Monday, May 3, 2010

12 p.m. – 2 p.m.

Joukowsky Forum

Making a Career out of Documentary Film – A Conversation with Three Brown Alumni

As part of the Watson Institute’s Global Conversation on media production, please join three Brown alumni who work with documentary film in the Joukowsky Forum on May 3 at noon. Bremen Donovan ’08, Lindsay Richardson ’04 and Koji Masutani ’05 will discuss their experiences in the documentary film world and the production challenges of creating successful internationally-oriented media. They each will screen parts of their work and engage in Q&A with the Brown community.

Read more about the Global Conversation here

Koji Masutani was born in Tokyo, Japan. He spent the majority of his childhood in Hong Kong under British colonial rule before attending a private boarding school in Massachusetts, USA. He received a Bachelor of Arts in International Relations from Brown University in 2005 and is currently a Visiting Fellow at the Watson Institute for International Studies. His short films have screened at the 2004 and 2005 Cannes Film Festivals. He received photography training from cinematographer Christopher Doyle (IN THE MOOD FOR LOVE; 2046). His film, VIRTUAL JFK: VIETNAM IF KENNEDY HAD LIVED, was released theatrically in North America, is available on DVD, and airs on the Documentary Channel at the end of 2010.

Bremen Donovan is a filmmaker, photographer, and youth arts educator living in New York City. She has spent the past 6 years teaching documentary and narrative filmmaking at youth arts organizations including Light House, New Urban Arts, and, most recently, the WeOwnTV workshop in Sierra Leone and the Ciné Institute in Haiti. In December, Bremen returned from a Samuel T. Arnold fellowship in Sierra Leone, where she worked in the eastern mining district of Kono on a documentary film and multimedia project about two young Sierra Leonean women and their creation of safety networks within lives of prostitution. She has most recently directed a film with UK-based peacebuilding organization Conciliation Resources, addressing tension in the Mano River border region between Guinea, Sierra Leone, and Liberia, and is in the post-production phase of her Arnold project.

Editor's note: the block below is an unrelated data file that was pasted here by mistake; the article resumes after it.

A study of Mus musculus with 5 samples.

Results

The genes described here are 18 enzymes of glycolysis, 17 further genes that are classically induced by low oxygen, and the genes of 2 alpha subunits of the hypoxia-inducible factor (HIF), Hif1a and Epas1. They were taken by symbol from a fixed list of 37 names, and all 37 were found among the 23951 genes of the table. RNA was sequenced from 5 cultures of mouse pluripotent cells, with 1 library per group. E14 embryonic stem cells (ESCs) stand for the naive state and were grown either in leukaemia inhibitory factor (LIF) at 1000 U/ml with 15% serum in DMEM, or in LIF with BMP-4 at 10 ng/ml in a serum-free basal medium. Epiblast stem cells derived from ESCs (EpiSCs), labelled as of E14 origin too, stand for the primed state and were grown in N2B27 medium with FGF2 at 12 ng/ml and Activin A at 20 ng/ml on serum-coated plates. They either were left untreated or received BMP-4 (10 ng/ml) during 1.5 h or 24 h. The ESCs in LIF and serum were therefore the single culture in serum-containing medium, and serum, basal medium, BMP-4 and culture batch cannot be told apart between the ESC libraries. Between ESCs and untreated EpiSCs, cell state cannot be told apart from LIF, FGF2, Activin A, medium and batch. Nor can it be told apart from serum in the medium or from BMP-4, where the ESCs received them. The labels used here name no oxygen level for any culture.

Lindsay Richardson has taken a number of documentary theory and production courses at NYU Tisch, Columbia, and the New School. During those courses, she shot and edited two short films: Magnetic Patriotism (utilizing the 'Support Our Troops' yellow ribbons as a lens to examine American Patriotism more broadly) and Bee King (about urban beekeeping in NYC). Recently she has been working as a Producer and consultant for a number of different documentaries: Who Does She Think She Is?, In A Dream, Human Terrain, and Gold Star Children. She is also developing a new film about the relationship between Providence social ventures, community building and Peace.

Location: Joukowsky Forum, Watson Institute, 111 Thayer Street.